A new exhibition of Surrealist works is on view at the Marietta Cobb Museum of Art

The surrealistic painting is by one of the featured artists in the exhibit, the late artist Bronislaw Bak. (Courtesy of MCMA)

Surrealism as an art form has captured the imaginations of creatives since the movement emerged in the early 20th century. Visual journeys through unreal places and unpredictable juxtapositions of imagery jolt us awake and invite us to question our definitions of reality.

More than Dreams: Exploring the Surreal in Art” is a new exhibition at the Marietta Cobb Museum of Art, on view now through Dec. 18. “City Lights” host Lois Reitzes spoke with the show’s co-curators, Madeline Beck and Carlos Solis, along with Clemens Bak, son of the late artist Bronislaw Bak, to talk about the transportive experience of the new collection.

Interview highlights:

Carlos Solis on painting dreams on canvas:

“I consider myself a traditional Surrealist artist. I’m a big fan of the old masters from the Dada group, Breton, Dali, Tanguy, de Chirico,” said Solis. “My work is based on dreams, visions with symbolic images, dream-like landscapes. So I started painting 20 years ago, Surrealism, and the reason I did that is because it was easy for me to express myself through the arts. I had these weird dreams and I didn’t know what to do with them, and I really enjoy painting so I basically combined those two elements.”

“All my paintings are full of symbols and messages. There is one in particular that refers to my culture in Venezuela, the folklore and mysticism that is practiced in my country. So there are legends, beliefs that I wanted to reflect in my paintings. There is a third religion in my country called María Lionza; it’s an entity or a spirit that a lot of people worship. It’s like Mother Nature,” Solis said.

On work by the late Bronislaw Bak:

“My father passed away in 1981 … but he would have been 100 years old this year when the show went up. So he’s from a slightly earlier generation,” explained Clemens Bak. “My father and mother studied art in Germany right after World War II; in fact, they were part of the first generation of artists who studied art after the fall of the Nazi era. And his work as well as my mother’s is reflective of their experiences in some ways.”

“The work that my father did for most of the early period … was hardly controversial. It was actually largely abstract; even his figurative work had no details. He worked in other mediums; he worked as a stained-glass artist, he did stained-glass windows, a designer. And he also did sculpture as well as taught at several colleges and universities,” Bak said. “The Surrealist work that he did, I think, is important in one context. What he was doing was to give us a critical look at the human psyche, I would say. And most of it, you will see, is ‘biomorphism’ in the sense that vegetation and things like that sort of morph into the bodies of the people who are fragmented in all the work.”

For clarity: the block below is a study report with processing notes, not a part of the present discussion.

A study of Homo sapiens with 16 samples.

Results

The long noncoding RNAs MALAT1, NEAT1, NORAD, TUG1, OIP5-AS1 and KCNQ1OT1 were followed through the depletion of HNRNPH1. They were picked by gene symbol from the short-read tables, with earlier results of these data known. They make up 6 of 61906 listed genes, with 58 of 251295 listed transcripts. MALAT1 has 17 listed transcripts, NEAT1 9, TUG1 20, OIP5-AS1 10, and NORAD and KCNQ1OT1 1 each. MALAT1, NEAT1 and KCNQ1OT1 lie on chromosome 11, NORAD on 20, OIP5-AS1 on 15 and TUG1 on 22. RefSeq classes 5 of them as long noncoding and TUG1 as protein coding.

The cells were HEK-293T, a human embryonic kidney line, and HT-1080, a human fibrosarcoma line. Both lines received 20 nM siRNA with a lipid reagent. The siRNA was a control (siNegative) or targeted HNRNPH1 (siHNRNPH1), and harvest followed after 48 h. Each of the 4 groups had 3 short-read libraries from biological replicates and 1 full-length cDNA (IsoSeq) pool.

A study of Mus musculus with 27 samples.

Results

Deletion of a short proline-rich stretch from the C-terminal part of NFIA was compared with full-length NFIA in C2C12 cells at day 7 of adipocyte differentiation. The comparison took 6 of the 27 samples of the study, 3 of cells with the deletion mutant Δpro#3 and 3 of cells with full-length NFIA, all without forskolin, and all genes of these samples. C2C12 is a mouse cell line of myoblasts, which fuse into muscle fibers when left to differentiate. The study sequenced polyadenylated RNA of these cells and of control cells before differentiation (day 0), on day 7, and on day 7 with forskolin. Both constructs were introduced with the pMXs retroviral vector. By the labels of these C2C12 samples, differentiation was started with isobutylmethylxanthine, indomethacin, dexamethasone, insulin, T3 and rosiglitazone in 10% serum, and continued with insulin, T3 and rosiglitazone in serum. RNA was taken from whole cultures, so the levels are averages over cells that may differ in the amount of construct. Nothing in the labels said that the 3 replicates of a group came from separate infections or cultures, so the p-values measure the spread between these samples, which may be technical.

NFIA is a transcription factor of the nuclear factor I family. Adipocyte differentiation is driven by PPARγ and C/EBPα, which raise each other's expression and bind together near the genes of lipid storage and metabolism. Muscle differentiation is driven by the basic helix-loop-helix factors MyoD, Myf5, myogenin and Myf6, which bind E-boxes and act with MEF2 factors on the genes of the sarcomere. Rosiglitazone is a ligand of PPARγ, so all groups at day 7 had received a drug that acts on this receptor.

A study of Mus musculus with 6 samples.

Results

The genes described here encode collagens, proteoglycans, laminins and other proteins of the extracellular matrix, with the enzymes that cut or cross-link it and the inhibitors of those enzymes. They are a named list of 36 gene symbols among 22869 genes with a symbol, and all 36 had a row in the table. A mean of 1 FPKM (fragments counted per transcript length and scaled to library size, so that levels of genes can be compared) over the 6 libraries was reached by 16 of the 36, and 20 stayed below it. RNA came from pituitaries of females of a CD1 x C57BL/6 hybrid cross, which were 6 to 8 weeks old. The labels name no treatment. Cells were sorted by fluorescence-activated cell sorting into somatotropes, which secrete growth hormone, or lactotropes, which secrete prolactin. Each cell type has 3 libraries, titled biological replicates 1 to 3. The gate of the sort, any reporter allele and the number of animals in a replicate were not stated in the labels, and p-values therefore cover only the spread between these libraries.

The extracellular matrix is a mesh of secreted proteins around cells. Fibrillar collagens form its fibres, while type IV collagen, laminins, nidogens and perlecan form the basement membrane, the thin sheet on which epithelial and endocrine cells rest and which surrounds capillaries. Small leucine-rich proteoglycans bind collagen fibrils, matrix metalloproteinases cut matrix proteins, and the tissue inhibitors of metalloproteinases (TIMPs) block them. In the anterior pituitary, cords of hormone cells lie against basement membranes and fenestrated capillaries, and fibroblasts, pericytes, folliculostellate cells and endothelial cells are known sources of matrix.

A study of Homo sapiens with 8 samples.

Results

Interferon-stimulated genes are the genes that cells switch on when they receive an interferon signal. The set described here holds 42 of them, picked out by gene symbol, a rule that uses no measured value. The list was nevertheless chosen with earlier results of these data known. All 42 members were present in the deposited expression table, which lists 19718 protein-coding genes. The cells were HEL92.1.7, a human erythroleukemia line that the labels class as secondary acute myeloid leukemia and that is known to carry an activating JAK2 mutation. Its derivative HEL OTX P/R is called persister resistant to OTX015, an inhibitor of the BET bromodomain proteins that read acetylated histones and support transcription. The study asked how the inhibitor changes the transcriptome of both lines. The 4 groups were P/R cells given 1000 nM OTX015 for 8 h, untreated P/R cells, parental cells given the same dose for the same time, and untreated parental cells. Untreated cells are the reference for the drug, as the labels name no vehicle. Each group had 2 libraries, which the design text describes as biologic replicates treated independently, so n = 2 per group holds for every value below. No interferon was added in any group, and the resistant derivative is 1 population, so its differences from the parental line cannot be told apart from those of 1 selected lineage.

Other featured Surrealist luminaries from all over the world:

“There are six [artists]. So we have Alexander Burdysheff, and he was born and raised in the former Soviet Republic of Georgia,” said Beck. “Alexander’s work is incredibly abstract. I think it explores the more geometric abstraction and the more unexpected side of Surrealism. And then we have Gary Chapman, who was born and raised in Ohio, and he’s currently a professor at the University of Alabama in Birmingham, and his work is a little bit more I would almost say pop-art influenced. It’s a little more surreal in its imagery more so than in its concept. So people are really confounded by his images that combine flowers with weapons and that type of juxtaposition.”

“Then there’s Larkin Ford, who is a local Atlanta artist … His work is incredibly surreal, definitely in imagery; definitely one of the more dark or sometimes morose imagery that you’ll see in the exhibition. But the work that he contributed for this show is really exploring abstraction and the more conceptual side of Surrealism, and doing so through color and composition rather than just what people would just anticipate to be shocking imagery,” said Beck. “Vladimir Kush … is an incredibly commercially successful artist. He is a pioneer of what he calls ‘metaphorical realism,’ so he probably presents the work that is the most photo-realistic or hyper-realistic, but he presents scenarios that are absolutely fantastical and absurd.”

“More than Dreams: Exploring the Surreal in Art” is on view at the Marietta Cobb Museum of Art through Dec. 18. More information is available at mariettacobbartmuseum.org/exhibitions/more-than-dreams.